Warren Buffett's Berkshire Hathaway plows another $529 million into Occidental Petroleum, boosting its bet on the energy stock to $8.5 billion

Warren Buffett's Berkshire Hathaway plows another $529 million into Occidental Petroleum, boosting its bet on the energy stock to $8.5 billion
Warren Buffett.REUTERS/Rick Wilking
  • Warren Buffett's Berkshire Hathaway spent another $529 million on Occidental Petroleum stock.
  • Berkshire now commands a roughly 16% stake worth about $8.5 billion.

Warren Buffett's Berkshire Hathaway capitalized on the recent slump in Occidental Petroleum shares, spending $529 million to lift its stake in the oil-and-gas company to over 16%.

The famed investor's conglomerate scooped up 9.6 million shares in the space of two days this month, paying around $55 to $56 a share, SEC filings show. The purchases boosted its position by about 7% to nearly 153 million shares, worth $8.5 billion as of Wednesday's market close.

Buffett likely pounced because Occidental shares, which soared by more than 150% in the first five months of this year, have tumbled by a quarter since then. Occidental and other energy stocks have benefited from Russia's ongoing invasion of Ukraine, which has disrupted global energy supplies and driven oil and gas prices skyward.

Berkshire plowed about $7 billion into Occidental between February 28 and March 16, then invested another $390 million or so in May. The first outlay contributed to Berkshire spending a net $41 billion on equities in the first quarter — one of the most active buying periods in its history.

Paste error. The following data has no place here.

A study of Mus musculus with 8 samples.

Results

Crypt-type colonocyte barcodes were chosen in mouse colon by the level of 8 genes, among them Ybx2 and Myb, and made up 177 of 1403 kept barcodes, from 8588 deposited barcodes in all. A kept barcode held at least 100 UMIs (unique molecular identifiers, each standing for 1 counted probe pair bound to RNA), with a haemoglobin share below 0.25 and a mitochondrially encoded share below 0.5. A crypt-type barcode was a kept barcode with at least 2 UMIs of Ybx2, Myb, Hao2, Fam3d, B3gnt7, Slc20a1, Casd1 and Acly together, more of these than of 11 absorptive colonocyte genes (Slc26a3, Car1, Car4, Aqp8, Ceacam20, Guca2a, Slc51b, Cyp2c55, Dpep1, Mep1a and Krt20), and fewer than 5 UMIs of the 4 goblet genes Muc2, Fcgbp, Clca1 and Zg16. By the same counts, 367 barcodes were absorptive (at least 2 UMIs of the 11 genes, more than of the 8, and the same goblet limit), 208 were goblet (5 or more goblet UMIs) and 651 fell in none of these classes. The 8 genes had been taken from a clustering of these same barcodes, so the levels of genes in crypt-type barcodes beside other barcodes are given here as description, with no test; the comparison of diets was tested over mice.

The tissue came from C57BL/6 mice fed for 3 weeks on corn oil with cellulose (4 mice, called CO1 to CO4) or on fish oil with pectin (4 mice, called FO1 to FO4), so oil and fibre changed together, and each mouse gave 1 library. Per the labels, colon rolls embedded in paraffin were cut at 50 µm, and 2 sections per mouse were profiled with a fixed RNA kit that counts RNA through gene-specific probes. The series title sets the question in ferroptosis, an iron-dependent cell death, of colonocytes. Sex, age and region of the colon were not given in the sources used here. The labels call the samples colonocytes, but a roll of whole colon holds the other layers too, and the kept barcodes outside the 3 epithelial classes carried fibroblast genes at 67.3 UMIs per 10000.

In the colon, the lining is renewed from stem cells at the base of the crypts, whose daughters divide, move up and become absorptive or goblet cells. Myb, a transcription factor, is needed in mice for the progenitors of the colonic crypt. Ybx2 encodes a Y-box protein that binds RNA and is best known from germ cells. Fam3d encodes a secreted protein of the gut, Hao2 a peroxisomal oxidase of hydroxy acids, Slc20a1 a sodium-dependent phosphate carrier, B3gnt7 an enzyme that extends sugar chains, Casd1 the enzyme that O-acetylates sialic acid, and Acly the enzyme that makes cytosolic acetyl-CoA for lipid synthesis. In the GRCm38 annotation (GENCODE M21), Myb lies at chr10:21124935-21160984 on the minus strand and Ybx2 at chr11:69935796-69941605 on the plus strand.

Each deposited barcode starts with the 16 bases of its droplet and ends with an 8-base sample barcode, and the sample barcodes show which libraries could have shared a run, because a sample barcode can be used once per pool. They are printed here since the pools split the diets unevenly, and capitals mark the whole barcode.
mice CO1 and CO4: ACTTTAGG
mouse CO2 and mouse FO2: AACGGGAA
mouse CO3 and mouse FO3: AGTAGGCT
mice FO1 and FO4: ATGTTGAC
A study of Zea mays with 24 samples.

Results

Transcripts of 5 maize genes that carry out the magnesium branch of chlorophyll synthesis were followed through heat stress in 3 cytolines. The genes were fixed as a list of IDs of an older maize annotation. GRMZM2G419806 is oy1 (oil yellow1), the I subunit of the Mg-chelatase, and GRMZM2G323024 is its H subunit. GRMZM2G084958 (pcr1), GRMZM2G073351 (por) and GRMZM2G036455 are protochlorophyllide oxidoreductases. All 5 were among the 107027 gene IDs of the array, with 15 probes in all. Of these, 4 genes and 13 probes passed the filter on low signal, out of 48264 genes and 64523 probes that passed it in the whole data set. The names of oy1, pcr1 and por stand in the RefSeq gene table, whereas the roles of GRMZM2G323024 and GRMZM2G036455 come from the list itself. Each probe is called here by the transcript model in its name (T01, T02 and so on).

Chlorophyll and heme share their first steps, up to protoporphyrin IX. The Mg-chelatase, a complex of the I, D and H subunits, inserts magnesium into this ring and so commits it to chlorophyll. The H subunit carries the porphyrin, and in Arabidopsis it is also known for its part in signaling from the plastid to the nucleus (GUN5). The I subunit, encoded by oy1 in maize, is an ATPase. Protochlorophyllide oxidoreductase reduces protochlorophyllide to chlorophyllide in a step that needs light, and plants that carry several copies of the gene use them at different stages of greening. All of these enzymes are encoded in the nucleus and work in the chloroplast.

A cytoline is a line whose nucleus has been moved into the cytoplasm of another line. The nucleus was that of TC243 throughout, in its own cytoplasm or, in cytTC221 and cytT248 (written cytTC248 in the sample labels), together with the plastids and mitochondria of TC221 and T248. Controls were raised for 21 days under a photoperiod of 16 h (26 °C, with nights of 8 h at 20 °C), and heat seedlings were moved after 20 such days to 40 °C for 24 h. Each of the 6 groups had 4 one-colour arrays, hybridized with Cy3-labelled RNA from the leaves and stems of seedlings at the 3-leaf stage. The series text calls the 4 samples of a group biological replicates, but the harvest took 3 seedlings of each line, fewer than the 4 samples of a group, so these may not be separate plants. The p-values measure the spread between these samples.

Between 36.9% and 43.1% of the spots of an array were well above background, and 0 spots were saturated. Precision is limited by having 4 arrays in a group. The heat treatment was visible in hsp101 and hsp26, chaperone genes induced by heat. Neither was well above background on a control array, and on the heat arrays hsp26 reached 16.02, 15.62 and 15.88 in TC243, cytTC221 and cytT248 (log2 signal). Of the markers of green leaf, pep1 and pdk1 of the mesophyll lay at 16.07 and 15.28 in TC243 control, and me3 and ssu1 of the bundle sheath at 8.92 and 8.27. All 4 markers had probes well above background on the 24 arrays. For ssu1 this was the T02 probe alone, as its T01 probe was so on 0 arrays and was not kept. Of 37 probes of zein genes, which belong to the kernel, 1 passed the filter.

On top of its common shares, Berkshire owns $10 billion worth of Occidental preferred shares paying a hefty 8% dividend, and 84 million stock warrants. It received those in exchange for providing $10 billion of financing for Occidental's merger with Anadarko Petroleum in 2019.


The warrants have an exercise price of $59.62, which exceeds Occidental's current stock price by almost $4. If Occidental shares rise above the exercise price, Berkshire can use its warrants to buy more shares at a discount to the market price, then either retain them or sell them for a profit.

Buffett doubled down on Occidental this year after reading a transcript of CEO Vicki Hollub's comments during an earnings call in late February. Hollub emphasized her focus was on improving the energy explorer and producer's operations, repaying debt, raising dividends, restarting stock buybacks, and generating robust, sustainable free cash flows over the long term.

"What Vicki Hollub was saying made nothing but sense," Buffett proclaimed during Berkshire's annual shareholders' meeting in April. "I decided that it was a good place to put Berkshire's money."

Buffett noted that frenzied trading of Occidental shares allowed Berkshire to build a 14% stake in about two weeks. He remarked that retail investors treated the stock market like a casino, and large US companies like poker chips.

"The whole country in March of this year was sitting around trading Occidental in some crazy way," Buffett said. "It defies anything that Charlie and I have seen, and we've seen a lot," he added, referring to his business partner and Berkshire's vice-chairman, Charlie Munger.